About Brown University's Conversation on Slavery





Kathleen Durand, in the Herald News (Fall River, MA) (Aug. 21, 2004):

Children growing up in this part of the country aren’t usually taught about it, but James T. Campbell of Brown University said New England, Rhode Island in particular and old institutions like Brown University are deeply implicated in the history of slavery.

Campbell, an associate professor of American civilization, African studies and history at Brown, was the guest speaker Thursday at a meeting of the Fall River Rotary Club at White’s of Westport. He heads Brown’s Steering Committee on Slavery and Justice, which was appointed by President Ruth Simmons in 2003.

Campbell said coincidentally the room where the steering committee meets has an old grandfather’s clock with a plaque identifying it as the family clock of Esek Hopkins. Hopkins was a Revolutionary War hero and master of the brig Sally, a slave ship that sailed to the West Indies on behalf of the merchant brothers John, Nicholas, Moses and Joseph Brown, he said. Brown University was named for the Brown family.

As people look into the past, "You uncover aspects of history of which you are proud and of which you are very ashamed. Every institution has parts that are beautiful and graceful and parts that are shameful," he said.

Campbell said some people choose to forget or repress evidence of the central role slavery played in Rhode Island and elsewhere in New England. Sixty percent of the slave ships that sailed from North America sailed out of Newport as part of the Triangle Trade, he said.

"There was slavery in all 13 colonies. In some ways, it was fundamental to the economy," said Campbell.

He said slave labor was responsible for much of what Rhode Island and southeastern Massachusetts produced, such as lumber, hay and rum, and when the American Industrial Revolution first took place, textiles known as "Negro cloth" were produced by slaves.

Simmons has directed the Steering Committee on Slavery and Justice to organize academic events and activities that might help the nation and the Brown community think deeply, seriously and rigorously about questions raised by the national debate over slavery and reparations.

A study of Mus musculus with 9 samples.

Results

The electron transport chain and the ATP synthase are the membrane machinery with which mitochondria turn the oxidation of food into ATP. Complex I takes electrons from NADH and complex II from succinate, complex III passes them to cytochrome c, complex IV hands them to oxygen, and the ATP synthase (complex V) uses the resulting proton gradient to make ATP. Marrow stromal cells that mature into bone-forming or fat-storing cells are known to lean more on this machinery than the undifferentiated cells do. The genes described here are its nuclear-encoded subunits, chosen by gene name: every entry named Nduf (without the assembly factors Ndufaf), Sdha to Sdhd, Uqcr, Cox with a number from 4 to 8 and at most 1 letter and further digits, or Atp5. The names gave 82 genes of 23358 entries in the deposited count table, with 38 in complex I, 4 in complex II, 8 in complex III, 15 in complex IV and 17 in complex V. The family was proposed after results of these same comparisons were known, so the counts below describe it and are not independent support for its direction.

Campbell said Brown has not been named as a party in any suit seeking reparations, but any old institution can be implicated....

Campbell said the steering committee hopes to facilitate a conversation among students and the community on how to confront that part of their history. A variety of other institutions are dealing with the slavery issue, so Brown is not unique, he said. As one example, Campbell cited the University of Alabama, which is dealing with the fact that it owned slaves and had slaves buried in unmarked graves on its campus.

He said Brown is committed to learning about its history and will be bringing in experts on reparations, in the sense of repairs for people who have been damaged, and war crimes.

"Not everyone approves of the conversation. They think we are being divisive. They think we should let bygones be bygones. But who gets to say the past is past?" Campbell said.

Campbell said some of the information he learned during the committee’s research "blew me away.’’ He said he was astounded to discover that 10 million of the 12 million people who migrated from the Old World to the New World by 1830 were African slaves.

Although he said he doesn’t think monetary reparations to descendants of slaves are a good idea and are politically viable, there should be some middle ground.

"As an educational institution, we can assure that people learn about history," he said.